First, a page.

Archive for February, 2013
In Central Victoria our creekbeds are dry – and then after a day’s rain – perfect for tracks! Pictured here are the heavy, flat-footed tracks of the Common or Bare-nosed Wombat. They have a distinctive, pigeon-toed gait, and you can clearly see their digging claws. Sometimes the hind-foot track overlaps that of the front-foot track, creating a large composite footprint – is it bigfoot? A yowie!? No – a Wombat! (continue reading…)
Frilled Dragons Come Alive in Darwin.
One of the most iconic animals of the Top End is not the crocodile but the Frilled Lizard or Frill-necked Lizard Chlamydosaurus kingii) – or just Frillies. If you have never seen one of these in the wild it is possibly for one of two reasons. The first is bad timing; if you go before November or after March they are scarce. Usually in the wet season, these guys are very abundant and visible on roads, trees and on the ground feeding. The second reason might be that to they are rather clever chaps and to the see them is difficult. As you are walking along the track or driving the road, the frillies are usually waist to shoulder height on trees. They watch out for predators well and as the predator comes they circle around the other side and only their spindly legs give them away. Their camouflage does the rest. So look for two knobby knees at the height they might even do a peek a boo act with their head to check where you are too! Watch the video. (continue reading…)
During the wet season, its a bonanza for the wildlife of the Top End! The Frilled Lizard is a wonderful iconic Australian lizard. These lizards mate in early wet season and their eggs hatch from late February onwards..
The lizards often perch vertically and will move around the tree to hide from you.
At present Frilled Lizards are taking a beating as their populations has suffered greatly from Cane Toads. Odd as lizards are diurnal but the metamorph cane toads move during the day and are too enticing for frillies to pass up on, leaving them poisoned.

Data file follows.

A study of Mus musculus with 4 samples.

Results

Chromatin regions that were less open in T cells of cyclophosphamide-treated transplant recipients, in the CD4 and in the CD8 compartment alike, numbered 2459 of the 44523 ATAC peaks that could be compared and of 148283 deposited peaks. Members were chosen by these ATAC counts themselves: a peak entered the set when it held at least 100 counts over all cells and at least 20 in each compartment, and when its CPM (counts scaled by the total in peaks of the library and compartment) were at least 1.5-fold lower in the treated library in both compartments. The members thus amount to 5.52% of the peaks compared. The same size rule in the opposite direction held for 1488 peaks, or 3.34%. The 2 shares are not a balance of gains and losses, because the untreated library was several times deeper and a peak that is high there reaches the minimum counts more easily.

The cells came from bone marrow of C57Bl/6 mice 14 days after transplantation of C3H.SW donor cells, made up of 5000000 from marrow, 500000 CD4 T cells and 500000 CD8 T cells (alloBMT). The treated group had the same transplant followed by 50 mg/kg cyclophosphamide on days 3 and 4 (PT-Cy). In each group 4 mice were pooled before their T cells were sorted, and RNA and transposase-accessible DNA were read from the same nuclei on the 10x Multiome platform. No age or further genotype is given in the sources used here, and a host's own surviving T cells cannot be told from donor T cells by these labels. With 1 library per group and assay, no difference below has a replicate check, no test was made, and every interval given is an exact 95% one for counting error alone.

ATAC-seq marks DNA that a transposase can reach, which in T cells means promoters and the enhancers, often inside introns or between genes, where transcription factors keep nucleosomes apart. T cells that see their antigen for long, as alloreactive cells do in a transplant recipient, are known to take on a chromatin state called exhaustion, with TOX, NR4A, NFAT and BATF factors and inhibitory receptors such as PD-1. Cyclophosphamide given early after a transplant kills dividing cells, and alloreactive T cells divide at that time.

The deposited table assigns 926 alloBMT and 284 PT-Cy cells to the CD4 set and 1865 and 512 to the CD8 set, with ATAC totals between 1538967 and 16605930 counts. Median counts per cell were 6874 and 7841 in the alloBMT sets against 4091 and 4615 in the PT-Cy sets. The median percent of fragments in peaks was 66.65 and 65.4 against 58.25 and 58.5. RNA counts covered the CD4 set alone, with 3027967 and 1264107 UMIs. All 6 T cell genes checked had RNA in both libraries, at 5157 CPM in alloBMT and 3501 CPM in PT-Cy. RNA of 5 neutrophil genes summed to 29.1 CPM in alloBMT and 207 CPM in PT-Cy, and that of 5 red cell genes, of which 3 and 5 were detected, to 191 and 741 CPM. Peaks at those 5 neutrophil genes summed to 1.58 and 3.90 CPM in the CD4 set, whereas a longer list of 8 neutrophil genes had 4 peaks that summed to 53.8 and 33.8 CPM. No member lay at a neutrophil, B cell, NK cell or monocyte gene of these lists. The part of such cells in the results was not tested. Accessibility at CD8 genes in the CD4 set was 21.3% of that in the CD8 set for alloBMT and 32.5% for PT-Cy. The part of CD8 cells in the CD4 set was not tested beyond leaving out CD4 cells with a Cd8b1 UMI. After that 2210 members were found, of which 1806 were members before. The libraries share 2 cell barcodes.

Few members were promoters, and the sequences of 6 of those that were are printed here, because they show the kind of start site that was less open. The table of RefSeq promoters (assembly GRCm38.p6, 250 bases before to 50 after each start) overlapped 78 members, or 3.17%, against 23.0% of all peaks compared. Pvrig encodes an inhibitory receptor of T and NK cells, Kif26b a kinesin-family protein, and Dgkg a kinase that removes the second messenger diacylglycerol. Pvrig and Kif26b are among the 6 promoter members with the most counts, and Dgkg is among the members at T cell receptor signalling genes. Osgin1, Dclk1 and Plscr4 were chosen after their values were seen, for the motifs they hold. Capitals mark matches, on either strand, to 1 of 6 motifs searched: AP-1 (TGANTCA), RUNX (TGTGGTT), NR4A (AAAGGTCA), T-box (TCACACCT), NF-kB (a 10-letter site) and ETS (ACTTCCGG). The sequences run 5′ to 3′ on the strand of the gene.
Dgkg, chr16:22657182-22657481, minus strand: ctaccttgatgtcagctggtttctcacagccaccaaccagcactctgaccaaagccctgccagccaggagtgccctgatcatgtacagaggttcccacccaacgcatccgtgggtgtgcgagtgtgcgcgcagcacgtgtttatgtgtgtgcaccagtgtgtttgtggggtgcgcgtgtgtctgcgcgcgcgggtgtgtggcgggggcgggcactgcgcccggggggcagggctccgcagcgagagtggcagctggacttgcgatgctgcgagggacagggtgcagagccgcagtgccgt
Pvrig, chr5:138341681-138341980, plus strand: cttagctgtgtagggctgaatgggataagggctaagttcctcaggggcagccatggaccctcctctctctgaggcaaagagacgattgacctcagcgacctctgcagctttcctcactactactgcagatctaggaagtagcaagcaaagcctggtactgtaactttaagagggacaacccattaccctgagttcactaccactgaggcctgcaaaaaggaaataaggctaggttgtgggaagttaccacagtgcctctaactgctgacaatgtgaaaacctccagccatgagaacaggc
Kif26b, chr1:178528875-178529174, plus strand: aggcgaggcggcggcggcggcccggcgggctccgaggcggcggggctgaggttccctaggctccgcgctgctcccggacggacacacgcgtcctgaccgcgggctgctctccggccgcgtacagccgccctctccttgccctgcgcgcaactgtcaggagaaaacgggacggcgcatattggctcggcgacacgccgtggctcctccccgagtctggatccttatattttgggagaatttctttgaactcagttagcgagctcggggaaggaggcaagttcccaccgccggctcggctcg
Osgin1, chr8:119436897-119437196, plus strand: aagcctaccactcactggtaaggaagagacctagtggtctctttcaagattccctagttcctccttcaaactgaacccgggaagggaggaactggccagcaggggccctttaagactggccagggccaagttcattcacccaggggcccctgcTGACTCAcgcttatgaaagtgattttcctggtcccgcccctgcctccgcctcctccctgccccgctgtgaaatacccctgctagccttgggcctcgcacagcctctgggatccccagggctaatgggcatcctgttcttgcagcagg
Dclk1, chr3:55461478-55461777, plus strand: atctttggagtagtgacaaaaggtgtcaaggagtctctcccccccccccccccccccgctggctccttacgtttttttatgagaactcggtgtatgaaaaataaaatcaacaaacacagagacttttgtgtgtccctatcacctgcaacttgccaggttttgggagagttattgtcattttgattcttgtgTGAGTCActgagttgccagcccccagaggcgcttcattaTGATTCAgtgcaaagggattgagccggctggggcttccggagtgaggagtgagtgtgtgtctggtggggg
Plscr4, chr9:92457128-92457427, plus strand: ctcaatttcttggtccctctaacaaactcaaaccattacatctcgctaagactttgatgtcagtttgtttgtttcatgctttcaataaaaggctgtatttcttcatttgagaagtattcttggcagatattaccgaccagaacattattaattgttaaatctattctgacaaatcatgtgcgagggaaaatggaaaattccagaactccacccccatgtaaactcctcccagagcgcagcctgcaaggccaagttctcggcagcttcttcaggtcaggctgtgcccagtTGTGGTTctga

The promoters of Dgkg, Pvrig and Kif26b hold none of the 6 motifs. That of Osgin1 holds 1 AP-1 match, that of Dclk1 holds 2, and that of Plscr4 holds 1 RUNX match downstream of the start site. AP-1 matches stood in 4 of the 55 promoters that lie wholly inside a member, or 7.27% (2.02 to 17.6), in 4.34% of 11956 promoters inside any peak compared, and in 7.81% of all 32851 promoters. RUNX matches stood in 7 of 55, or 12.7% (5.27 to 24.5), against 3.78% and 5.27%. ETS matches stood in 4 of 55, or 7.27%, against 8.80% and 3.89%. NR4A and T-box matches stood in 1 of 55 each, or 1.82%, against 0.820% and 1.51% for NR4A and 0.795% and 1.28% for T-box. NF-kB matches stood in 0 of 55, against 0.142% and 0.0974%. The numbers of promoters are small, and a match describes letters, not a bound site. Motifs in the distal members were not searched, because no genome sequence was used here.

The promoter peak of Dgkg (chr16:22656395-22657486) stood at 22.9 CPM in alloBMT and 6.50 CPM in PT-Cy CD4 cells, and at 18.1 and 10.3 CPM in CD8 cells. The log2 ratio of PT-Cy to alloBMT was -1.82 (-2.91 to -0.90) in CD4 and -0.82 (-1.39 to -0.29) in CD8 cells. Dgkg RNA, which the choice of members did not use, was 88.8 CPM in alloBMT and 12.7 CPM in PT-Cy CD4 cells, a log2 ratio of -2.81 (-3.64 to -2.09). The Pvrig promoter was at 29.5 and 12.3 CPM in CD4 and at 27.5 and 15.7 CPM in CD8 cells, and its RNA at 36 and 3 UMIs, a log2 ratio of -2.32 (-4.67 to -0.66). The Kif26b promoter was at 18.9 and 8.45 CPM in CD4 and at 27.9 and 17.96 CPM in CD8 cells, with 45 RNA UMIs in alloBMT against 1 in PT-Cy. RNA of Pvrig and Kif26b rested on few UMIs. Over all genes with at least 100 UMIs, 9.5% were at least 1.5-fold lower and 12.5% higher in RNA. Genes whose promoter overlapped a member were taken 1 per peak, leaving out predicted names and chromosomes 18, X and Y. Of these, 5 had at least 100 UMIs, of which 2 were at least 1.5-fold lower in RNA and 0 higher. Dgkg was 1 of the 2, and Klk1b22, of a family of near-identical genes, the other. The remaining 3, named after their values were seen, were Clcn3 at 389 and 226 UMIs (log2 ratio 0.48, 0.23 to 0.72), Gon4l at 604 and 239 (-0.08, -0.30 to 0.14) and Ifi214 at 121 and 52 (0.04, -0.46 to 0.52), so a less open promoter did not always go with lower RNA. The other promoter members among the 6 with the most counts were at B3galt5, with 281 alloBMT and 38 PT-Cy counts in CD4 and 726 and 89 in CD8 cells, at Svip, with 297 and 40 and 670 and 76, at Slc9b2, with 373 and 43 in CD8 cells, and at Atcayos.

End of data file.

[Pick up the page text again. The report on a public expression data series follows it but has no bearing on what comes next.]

Hi I was flicking through the magazine last night while feeding my baby wombat when I came across your article on the Scarlet Honeyeater.
During the hot weather we had a couple of weeks ago I had the sprinkler running all day so the little birds could try to cool down, one little bird that I had never seen stayed under the water most of the day, I had no idea that a lot of the birds were as there were at least 100 different species most I had never seen on my property. I took a photo of this little guy and could not identify him until I saw him in the Wildlife Secrets magazine, I live south of Nowra on the South Coast
Linda Dennis is proud to present the one day course, A Guide to the Care of Macropods, a Fauna First Aid lecture.
The course includes the following topics:
- Meet the Macs
- Compare the Pair
- Raising Orphaned Joeys
- The Unwell Joey
- Caring for Larger Macropods
If you would like to book a Fauna First Aid session please contact Linda email@example.com.
Go to Wild Training for latest course information.
In December 2012, I travelled to the land of “slugs”! No not really into slimey invertebrates, I mean large snakes (we refer to monster sized snakes as slugs). We have in past travelled to several parts of the magical snake isles Tasmania. Forget the apples (so called Apple Isles) leave that to Eve and get hold of the most amazing and gentle snakes in the country. Lowland Copperheads Austrelaps superbus are the most docile, charming venomous snake in Australia. Yes charming and docile.
This year we visited the enigmatic Ian Norton and his band of dedicated snake rescue volunteers Sally Wilson, Chris Daly, Jane Guy and Justin Kneebone . We happened to coincide with a visit to the sensational Wesley Vale where one of us visited in 2008 and only saw small snakes and plenty of skeletons as the snakes took a massive blow during the drought.